The aviation industry and travel agencies have resigned to a long downtime, fueling concerns about looming  increase in airfare, low patronage of airlines as Nigeria gradually reopens.

Speaking with SaharaReporters, the President of the National Association of Nigerian Travel Agencies, Susan Akporiaye, says Nigerians will rather hold meetings via Zoom than fly aeroplanes to catch up with appointments. 

President of the National Association of Nigerian Travel Agencies, Susan Akporiaye

Akporiaye says added to the drag in business for the travel sector is an anticipated increase in airfares and road trips following the opening of airports and the lifting of inter-state travel bans.

Airline operators across the globe have been laying-off staff, taking on government bailout and restructuring their finances to stay alive till a vaccine or cure is approved by the WHO and its funders for the treatment of COVID-19. 

Those in Nigeria had been left to find ways of staying afloat until the Economic Stability Plan Committee headed by the Vice President, Yemi Osinbajo, recommended a N27bn bailout on June 17.

Akporiaye does not expect Nigerians to start queuing at the departure lounge of airports now they are reopened for domestic flights.

“The Zoom interface of doing meetings has been widely embraced. That will continue for a while. With an increment from the airlines, people will tell themselves, ‘I don’t need to travel,’ I can have my meetings via zoom,” she said.

The aviation industry has been bleeding cash since they were locked up in March. Yet, they have been forced to make certain health and safety investments in preparation for when the Nigerian Civil aviation Authority (NCAA) decides to lift the ban on flights. 

The NANTA president predicts that these airlines will not be recouping these investments anytime soon, as they will have to start with a low percentage of actual customers. 

“The travels we will be experiencing are travels for family functions and the percentage is very low.” The Airline Operators of Nigeria (AON) said in April that its members had grounded 120 aeroplanes and lost N380bn.

The International Airline Transport Agency (IATA), put the revenue losses in the country at $434m or N156.24bn – based on N360 to a greenback. 

The association also said 124,000 of the 241,000 jobs supported by the industry are at risk. In a May 7 article, it asked the federal government to prepare a relief package targeted specifically at the industry:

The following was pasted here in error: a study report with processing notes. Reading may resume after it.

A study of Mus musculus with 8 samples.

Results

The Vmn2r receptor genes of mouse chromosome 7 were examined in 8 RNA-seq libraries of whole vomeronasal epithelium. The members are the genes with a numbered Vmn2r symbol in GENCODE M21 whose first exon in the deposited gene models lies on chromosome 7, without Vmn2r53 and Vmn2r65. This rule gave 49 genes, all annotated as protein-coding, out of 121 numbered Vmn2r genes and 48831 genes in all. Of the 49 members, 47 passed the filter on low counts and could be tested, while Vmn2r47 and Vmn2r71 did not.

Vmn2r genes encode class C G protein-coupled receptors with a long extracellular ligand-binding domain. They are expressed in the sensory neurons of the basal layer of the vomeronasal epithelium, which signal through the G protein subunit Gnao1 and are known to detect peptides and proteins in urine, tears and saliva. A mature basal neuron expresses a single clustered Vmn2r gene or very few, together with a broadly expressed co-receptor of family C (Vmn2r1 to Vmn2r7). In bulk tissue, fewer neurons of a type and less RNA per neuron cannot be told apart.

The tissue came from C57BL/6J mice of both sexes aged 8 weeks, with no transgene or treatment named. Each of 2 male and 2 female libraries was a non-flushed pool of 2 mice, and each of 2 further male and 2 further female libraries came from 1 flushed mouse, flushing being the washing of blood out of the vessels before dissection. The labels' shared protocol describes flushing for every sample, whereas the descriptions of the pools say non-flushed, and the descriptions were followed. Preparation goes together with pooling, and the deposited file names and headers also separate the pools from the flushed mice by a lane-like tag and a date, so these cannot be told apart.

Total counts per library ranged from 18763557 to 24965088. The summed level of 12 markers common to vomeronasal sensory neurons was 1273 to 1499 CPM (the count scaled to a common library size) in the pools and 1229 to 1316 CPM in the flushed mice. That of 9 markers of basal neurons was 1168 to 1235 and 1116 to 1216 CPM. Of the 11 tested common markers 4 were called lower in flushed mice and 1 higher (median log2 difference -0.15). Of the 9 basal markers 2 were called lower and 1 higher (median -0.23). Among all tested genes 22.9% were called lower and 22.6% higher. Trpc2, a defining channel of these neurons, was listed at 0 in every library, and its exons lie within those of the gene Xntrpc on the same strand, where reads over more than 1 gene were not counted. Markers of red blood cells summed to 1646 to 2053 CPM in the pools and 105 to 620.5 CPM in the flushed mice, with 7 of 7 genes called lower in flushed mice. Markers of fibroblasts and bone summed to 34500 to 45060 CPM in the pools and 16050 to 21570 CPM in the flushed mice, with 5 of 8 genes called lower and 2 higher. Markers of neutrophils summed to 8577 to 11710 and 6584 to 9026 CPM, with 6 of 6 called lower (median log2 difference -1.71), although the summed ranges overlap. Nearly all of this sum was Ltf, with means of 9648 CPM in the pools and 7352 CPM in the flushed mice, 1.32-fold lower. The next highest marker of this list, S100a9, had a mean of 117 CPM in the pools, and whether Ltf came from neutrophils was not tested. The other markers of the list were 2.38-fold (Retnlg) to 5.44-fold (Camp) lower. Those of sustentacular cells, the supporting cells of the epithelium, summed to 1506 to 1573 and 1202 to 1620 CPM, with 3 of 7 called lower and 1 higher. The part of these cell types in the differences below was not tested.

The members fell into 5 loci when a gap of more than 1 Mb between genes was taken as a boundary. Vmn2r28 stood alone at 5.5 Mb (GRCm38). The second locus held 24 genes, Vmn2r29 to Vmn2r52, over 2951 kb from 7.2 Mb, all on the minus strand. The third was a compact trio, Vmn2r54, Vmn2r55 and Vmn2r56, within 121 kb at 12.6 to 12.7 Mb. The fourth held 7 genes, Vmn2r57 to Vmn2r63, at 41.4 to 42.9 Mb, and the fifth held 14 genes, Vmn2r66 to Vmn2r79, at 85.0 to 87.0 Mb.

“Nigeria has announced general relief measures for sectors affected by COVID-19, but not specifically for aviation. Given the importance of air transport for Nigeria’s economy and connectivity, the government must not let aviation fail. 

“The industry faces a liquidity crisis. Without a viable aviation sector, Nigeria’s eventual recovery from COVID-19 will be longer and even more painful. Aviation-specific financial relief measures are urgently needed as a matter of survival,” IATA’s Regional Vice President for Africa and the Middle East, Muhammad Albakri, said.

IATA said Nigeria should implement some or all of these reliefs: 

“Direct financial support to passenger and cargo carriers; loans, loan guarantees and support for the corporate bond market by the government or Central Bank; tax relief - rebates on payroll taxes paid to date in 2020 and/or an extension of payment terms for the rest of 2020; financial relief on the airport and air traffic control (ATC) charges and taxes; and reduction, waiver or deferral of government-imposed taxes and fees.”

Although IATA did not suggest any size of what the loan should be, experts say the N27bn announced is too paltry. The package consists of payroll grant support to airlines, handlers, caterers and related services; provision of single-digit soft loans with long term repayment plan; and deferred payment of taxes and filing dates.

The federal government also intends to create a private sector-driven national carrier from the same fund, a move airline operators are not pleased with.

Several airlines in more healthy economies have filed for bankruptcy or sacked staff. The most recent of them is Qantas.

In Australia, where the government rolled out a job keeper scheme, its flag carrier said it does not expect international flights to resume until July 2021. Acting on that expectation, Qantas laid-off 6,000 staff and placed half of the remaining 30,000 employees on standby.

Akporiaye said without adequate support, airlines and travel agencies in Nigeria, some of which already had financial troubles before the pandemic, could go under like British airline Thomas Cook.

“Without an adequate bailout, a lot of airlines are going to go down, so also a lot of travel agencies, they won’t survive it,” she said.

Nigeria’s airports were to come alive on June 21 but the federal government has now decided that domestic flights should resume on June 30, with the Nigeria Civil aviation authority (NCAA), saying earlier that not every player in the value chain had matched the guidelines for resumption.